How to Create Boundaries not Walls

By Lindsay Watson

What exactly does the phrase “develop good boundaries,” a phrase often used in therapy, really mean? It doesn’t mean building thick walls for protection.

Walls can be impenetrable and only serve to isolate.

Boundaries define who we are and who we are not.

The purpose of setting healthy boundaries is to develop a good sense of self along with a strong sense of safety and security, emotionally, mentally, physically, and spiritually. Learning to respect and to love ourselves allows us to become close to others and to develop relationships without the threat of losing oneself, smothering another, invading another’s privacy or personal space, or being invaded or taken advantage of by another.

Melody Beattie in Beyond Codependency states that “setting boundaries is about learning to take care of ourselves, no matter what happens, where we go, or who we’re with.”

  • Boundaries emerge from deep decisions about what we do and don’t deserve.
  • Boundaries emerge from the belief that what we want and need, like and dislike, is important.
  • Boundaries emerge from a deeper sense of our personal rights, especially the right we have to take care of ourselves and to be ourselves.
  • Boundaries emerge as we learn to value, trust, and listen to ourselves and to God’s Spirit.
  • Boundaries enable us to be both separate and connected.

When the boundaries listed above have been developed, a healthy sense of self emerges.

How do we learn to set appropriate boundaries in our lives and relationships?

Family therapists help clients to claim their own voice, to speak up for themselves. It is important to tell others when they are speaking or acting in ways that are not acceptable or make one uncomfortable. It is a right and responsibility to protect and defend oneself and to insist on respect.

Likewise, it is important to learn to recognize and acknowledge personal feelings and emotions and to express them in an appropriate manner. This is often done verbally by using “I” statements. For example, “I feel hurt by that remark” or “I feel angry that you ignored me in that way.”

Family influence plays a strong role in healthy emotional development. Children learn to respect themselves and others by witnessing the way family members treat each other.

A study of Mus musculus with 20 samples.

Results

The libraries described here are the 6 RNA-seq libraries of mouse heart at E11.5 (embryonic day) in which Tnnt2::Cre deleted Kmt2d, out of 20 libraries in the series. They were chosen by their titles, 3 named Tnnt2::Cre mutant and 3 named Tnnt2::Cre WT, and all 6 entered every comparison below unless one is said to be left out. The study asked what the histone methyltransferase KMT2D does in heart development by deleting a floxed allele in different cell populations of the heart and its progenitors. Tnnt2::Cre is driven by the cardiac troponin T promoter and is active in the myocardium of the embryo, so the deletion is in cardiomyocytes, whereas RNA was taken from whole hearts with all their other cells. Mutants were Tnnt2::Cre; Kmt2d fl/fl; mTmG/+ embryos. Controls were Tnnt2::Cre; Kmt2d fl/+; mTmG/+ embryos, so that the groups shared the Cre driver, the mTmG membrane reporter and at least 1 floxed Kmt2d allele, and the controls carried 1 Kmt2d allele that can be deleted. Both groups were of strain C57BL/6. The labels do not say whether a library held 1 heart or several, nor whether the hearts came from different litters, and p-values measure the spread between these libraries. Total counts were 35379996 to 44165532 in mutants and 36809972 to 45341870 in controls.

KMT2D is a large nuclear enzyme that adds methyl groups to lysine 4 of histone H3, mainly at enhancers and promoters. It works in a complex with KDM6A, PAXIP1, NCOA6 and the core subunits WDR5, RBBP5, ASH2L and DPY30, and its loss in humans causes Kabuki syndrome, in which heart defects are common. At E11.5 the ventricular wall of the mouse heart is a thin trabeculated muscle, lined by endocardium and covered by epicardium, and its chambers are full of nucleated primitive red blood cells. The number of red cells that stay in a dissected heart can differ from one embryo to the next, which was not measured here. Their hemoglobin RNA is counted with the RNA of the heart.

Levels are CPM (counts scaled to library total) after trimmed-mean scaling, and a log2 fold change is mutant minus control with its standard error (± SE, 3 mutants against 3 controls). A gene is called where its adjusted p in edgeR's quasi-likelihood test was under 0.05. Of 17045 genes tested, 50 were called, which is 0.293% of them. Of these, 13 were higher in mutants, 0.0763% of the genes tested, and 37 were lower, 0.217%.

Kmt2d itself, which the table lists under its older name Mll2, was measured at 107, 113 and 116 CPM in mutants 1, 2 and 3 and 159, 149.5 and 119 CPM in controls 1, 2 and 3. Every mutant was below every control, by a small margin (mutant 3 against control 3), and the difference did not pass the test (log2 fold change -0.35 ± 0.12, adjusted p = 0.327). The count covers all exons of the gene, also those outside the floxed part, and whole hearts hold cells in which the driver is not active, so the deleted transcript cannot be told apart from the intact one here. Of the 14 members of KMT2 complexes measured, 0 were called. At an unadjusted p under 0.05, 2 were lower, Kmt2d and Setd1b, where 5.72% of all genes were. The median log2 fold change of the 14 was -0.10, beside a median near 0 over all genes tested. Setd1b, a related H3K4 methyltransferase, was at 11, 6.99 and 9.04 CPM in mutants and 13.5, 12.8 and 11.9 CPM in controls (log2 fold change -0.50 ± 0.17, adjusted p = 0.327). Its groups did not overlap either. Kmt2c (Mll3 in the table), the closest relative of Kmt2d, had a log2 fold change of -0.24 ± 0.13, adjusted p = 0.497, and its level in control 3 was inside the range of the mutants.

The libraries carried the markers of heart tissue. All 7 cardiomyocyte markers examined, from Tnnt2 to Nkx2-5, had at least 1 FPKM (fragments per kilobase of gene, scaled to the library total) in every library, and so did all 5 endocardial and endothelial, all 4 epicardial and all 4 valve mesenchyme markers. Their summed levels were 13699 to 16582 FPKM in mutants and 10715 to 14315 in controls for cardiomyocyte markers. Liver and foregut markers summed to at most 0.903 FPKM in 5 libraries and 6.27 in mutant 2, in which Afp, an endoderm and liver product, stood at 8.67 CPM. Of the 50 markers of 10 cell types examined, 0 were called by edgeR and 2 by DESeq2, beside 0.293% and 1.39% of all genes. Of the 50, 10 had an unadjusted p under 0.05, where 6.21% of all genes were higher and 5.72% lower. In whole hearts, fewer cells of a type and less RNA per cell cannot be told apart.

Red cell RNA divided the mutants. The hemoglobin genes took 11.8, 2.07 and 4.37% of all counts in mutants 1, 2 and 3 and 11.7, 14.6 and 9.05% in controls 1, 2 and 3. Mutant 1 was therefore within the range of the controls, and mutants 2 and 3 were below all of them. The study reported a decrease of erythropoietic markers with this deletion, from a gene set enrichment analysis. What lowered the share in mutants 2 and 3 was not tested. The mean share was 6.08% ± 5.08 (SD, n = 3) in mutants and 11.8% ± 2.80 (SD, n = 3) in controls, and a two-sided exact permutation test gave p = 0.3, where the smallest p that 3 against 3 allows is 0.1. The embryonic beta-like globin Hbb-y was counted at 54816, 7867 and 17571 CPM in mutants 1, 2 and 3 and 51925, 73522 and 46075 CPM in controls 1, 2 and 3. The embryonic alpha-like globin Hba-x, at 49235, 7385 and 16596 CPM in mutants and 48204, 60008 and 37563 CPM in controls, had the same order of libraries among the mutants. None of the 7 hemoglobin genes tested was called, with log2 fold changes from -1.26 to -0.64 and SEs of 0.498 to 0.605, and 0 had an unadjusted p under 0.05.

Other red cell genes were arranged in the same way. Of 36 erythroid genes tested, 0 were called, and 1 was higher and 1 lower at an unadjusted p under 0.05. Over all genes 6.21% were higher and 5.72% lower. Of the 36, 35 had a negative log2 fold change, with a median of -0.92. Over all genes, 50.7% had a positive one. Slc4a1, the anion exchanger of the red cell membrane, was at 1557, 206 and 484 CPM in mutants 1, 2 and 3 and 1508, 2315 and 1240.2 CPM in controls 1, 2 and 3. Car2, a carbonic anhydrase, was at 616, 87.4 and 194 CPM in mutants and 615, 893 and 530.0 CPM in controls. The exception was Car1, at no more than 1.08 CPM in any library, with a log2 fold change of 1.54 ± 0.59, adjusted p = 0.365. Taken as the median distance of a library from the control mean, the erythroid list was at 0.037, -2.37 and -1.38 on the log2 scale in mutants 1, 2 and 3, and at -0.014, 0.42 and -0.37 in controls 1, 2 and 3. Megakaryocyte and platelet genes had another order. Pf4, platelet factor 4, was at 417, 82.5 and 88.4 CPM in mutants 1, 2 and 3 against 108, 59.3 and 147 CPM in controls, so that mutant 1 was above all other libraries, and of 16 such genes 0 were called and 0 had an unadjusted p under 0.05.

Experiencing physical, sexual, emotional, or verbal abuse at a young age sets the stage for unhealthy adult relationships. In such families, there is no model for healthy boundary setting, in contrast to the experience of children raised in a warm, nurturing family where individual needs are respected and met. As adults we choose whether to allow our family experience to influence us by first recognizing whether it was positive or negative, healthy or unhealthy, and then deciding what role it will play in our life.

Unhealthy Boundaries Include

  • Being too open with personal information.
  • Expecting others to share personal information inappropriately.
  • Being too private, and shutting others out.
  • Behaving in ways that offend others.
  • Being overly sensitive to other’s reactions.
  • Disrespecting another’s space, property, information, or feelings.
  • Not following through on promises and commitments.
  • Showing disregard for the rights of others.
  • Allowing others to treat one disrespectfully.
  • Allowing or perpetrating violent behaviour in a relationship. Boundaries become walls when limits are set out of anxiety, fear, or embarrassment.

Avoiding talking about something may let others unintentionally violate the boundary, and anger or resentment may then result, creating distance.

These walls or barricades may occur in every kind of relationship including family, friendships, and work.

How to set Healthy Boundaries

  • Define the roles you play in the lives of others and clarify them through discussion.
  • Consider the boundary from both the point of view of the other person and yourself.
  • Be proactive, not just reactive.
  • Talk about the situation.
  • Express needs and feelings with empathy and clarity.
  • Be honest about fears and discomfort in a situation.
  • Be assertive but not aggressive in communication with others.

When safety is an issue, boundaries must be very clear and steps taken to ensure they are not violated.

Schurmann Counselling & Life Coaching seek to help clients develop and maintain good personal and relational boundaries as essential to a healthy, balanced lifestyle.

For Further Reading:

Cloud, Henry and Townsend, John. Boundaries: When to Say Yes When to Say No, To Take Control of Your Life. Zondervan Corp. Publishers, 2001.

Beattie, Melody. Beyond Codependency: And Getting Better All the Time. Hazelden Publishers, 1989.

Linden, Anne. Boundaries in Human Relationships: How to be Separate and Connected. Crown House Publishing, 2008.